After her show-stopping performance during this month’s Republican presidential debate, Carly Fiorina is now polling number two among all Republican presidential candidates, but what within the debate actually caused such a sudden rise?
If you ask me, it’s simple.
Mrs. Fiorina was clearly most powerful when she demanded that President Barack Obama and former Secretary of State Hillary Clinton sit and watch the disgusting Planned Parenthood videos that have broken the heart of America this summer.
You should not misunderstand my appreciation for Mrs. Fiorina’s courage as an endorsement of her presidential campaign, or infer that I appreciate any of her opponents any less, but – unquestionably – her way of talking about the unborn is the key to capturing the heart of evangelicals.
Fiorina’s meteoric rise is yet another reminder that America remains a deeply religious country that is enraged over the total disregard for human life we have witnessed in our abort-at-will culture, and it’s exhibit A that when a candidate like Fiorina stands passionately for the unborn we will stand passionately with them.
It’s not just what she believes or what she said that captured the attention of America’s evangelicals, but it was how she said it. She was clear, articulate and compelling.
She clearly wasn’t speaking from talking points handed to her by policy advisors. She wasn’t saying it because it was the right thing to say. She was saying it because there was a fire inside of her soul. She spoke more like a prophet than a politician, and she spoke with the fierceness of a mother looking after her own children.
She spoke authentically, honestly, powerfully. She personified convictional leadership.
This passing moment held a startlingly different tone – a catalytic one — and America is rewarding Fiorina for it.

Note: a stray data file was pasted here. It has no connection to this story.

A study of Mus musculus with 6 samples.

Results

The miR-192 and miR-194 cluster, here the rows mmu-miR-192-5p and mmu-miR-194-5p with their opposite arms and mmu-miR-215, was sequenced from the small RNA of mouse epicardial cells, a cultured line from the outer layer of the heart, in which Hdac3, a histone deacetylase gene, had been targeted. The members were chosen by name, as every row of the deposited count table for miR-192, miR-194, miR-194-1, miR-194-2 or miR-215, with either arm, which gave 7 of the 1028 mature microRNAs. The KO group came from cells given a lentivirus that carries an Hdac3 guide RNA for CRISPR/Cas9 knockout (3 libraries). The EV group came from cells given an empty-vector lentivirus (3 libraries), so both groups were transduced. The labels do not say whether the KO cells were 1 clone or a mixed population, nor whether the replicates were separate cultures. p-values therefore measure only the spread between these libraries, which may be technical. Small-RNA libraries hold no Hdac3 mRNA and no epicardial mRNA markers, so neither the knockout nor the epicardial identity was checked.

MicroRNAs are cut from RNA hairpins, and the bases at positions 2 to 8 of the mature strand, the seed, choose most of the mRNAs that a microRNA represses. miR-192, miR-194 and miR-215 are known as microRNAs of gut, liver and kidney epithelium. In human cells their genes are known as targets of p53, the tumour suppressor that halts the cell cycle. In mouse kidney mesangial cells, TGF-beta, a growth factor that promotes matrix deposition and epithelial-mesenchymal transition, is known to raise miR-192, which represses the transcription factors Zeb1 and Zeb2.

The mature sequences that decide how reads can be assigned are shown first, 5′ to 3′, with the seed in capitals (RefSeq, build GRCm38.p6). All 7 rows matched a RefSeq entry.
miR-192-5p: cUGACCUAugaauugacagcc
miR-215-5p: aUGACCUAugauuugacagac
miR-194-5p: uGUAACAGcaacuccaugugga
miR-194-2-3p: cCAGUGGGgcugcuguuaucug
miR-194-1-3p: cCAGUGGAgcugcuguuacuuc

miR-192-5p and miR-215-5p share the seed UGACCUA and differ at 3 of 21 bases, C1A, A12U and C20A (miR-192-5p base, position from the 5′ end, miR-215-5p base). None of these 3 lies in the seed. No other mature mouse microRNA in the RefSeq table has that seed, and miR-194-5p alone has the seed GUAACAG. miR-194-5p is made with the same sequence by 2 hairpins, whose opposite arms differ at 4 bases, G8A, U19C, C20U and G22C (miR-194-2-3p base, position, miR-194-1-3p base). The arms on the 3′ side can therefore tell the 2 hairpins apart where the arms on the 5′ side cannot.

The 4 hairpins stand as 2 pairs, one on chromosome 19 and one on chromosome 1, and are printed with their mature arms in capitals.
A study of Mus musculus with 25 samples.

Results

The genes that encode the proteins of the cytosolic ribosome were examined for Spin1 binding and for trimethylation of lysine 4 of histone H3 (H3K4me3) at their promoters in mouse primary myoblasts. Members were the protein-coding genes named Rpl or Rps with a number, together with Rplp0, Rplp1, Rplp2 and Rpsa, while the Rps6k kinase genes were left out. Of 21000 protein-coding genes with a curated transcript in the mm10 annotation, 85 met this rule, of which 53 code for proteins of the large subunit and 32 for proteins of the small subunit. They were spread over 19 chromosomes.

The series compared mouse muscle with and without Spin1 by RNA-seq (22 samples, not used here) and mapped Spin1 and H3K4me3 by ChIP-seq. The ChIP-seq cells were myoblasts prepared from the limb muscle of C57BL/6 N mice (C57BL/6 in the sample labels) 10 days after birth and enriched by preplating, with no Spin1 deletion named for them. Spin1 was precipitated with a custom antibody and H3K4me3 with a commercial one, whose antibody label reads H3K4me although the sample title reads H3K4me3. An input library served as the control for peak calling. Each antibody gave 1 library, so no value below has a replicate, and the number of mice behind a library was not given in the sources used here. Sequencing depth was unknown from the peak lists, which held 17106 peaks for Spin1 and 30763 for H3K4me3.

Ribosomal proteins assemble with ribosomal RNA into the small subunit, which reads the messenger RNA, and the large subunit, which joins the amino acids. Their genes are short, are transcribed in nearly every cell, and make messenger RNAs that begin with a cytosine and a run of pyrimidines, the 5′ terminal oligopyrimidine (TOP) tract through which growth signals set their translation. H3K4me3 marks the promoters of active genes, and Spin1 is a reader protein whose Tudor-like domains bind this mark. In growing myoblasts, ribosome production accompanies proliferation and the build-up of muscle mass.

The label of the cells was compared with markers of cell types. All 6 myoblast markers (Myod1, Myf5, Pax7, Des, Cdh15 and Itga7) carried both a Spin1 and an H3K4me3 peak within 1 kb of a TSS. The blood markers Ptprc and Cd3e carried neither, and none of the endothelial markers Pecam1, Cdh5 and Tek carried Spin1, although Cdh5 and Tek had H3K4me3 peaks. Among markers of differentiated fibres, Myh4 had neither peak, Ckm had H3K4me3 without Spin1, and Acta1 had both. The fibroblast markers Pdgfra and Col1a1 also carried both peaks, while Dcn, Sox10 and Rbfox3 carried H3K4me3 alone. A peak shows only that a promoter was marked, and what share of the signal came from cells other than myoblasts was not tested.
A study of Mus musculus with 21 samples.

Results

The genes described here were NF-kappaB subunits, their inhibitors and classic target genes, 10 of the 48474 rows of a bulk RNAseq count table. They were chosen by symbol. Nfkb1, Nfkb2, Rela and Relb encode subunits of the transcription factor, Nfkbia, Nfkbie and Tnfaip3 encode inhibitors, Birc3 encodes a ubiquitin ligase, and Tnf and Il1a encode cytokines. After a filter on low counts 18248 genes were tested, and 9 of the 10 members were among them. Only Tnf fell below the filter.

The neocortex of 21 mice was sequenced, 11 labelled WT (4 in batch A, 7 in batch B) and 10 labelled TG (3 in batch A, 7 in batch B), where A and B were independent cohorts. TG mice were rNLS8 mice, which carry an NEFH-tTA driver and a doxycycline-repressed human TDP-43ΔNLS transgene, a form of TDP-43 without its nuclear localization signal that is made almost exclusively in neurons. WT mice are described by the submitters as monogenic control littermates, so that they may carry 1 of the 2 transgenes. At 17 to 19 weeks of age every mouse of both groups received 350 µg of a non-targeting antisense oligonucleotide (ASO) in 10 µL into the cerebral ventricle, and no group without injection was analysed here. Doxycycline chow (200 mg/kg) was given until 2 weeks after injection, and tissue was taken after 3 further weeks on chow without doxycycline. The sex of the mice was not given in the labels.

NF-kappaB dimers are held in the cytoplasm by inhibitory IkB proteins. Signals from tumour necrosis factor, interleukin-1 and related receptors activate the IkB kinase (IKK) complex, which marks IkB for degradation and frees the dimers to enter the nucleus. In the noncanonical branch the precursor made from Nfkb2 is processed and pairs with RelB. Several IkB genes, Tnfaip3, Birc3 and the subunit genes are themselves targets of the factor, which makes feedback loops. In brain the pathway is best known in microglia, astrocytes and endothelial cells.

Our nation has aborted at least 57 million babies. Stop and think about that: a single Supreme Court decision has cost the lives of 57 million Americans. That is the equivalent of destroying the entire populations of California and New York.
Now is not a time for politicians and pastors to concede one inch on the “life issue.” On the contrary, we have perhaps never seen the kind of national outrage over abortion as we are witnessing today, and many of us believe again that we might finally see the end of this national shame. Just the other day, I was speaking to an audience of young evangelicals, and I challenged them to stand strongly on this issue for they could be the generation to finally see the end of abortion. I told them “it would be one of America’s finest hours.” When I said it, they didn’t have skepticism in their eyes. They believed it.
Science has now fully caught up with theology, and those who continue to argue that life does not begin at the beginning are finding themselves looking more and more “on the wrong side of history.”
I wish more pastors in America spoke as boldly in their pulpits about the unborn as Carly Fiorina did at her podium.
For it is time to rise up in courage, and to call to account those who’ve allowed the body parts of children to be sold and traded like car parts.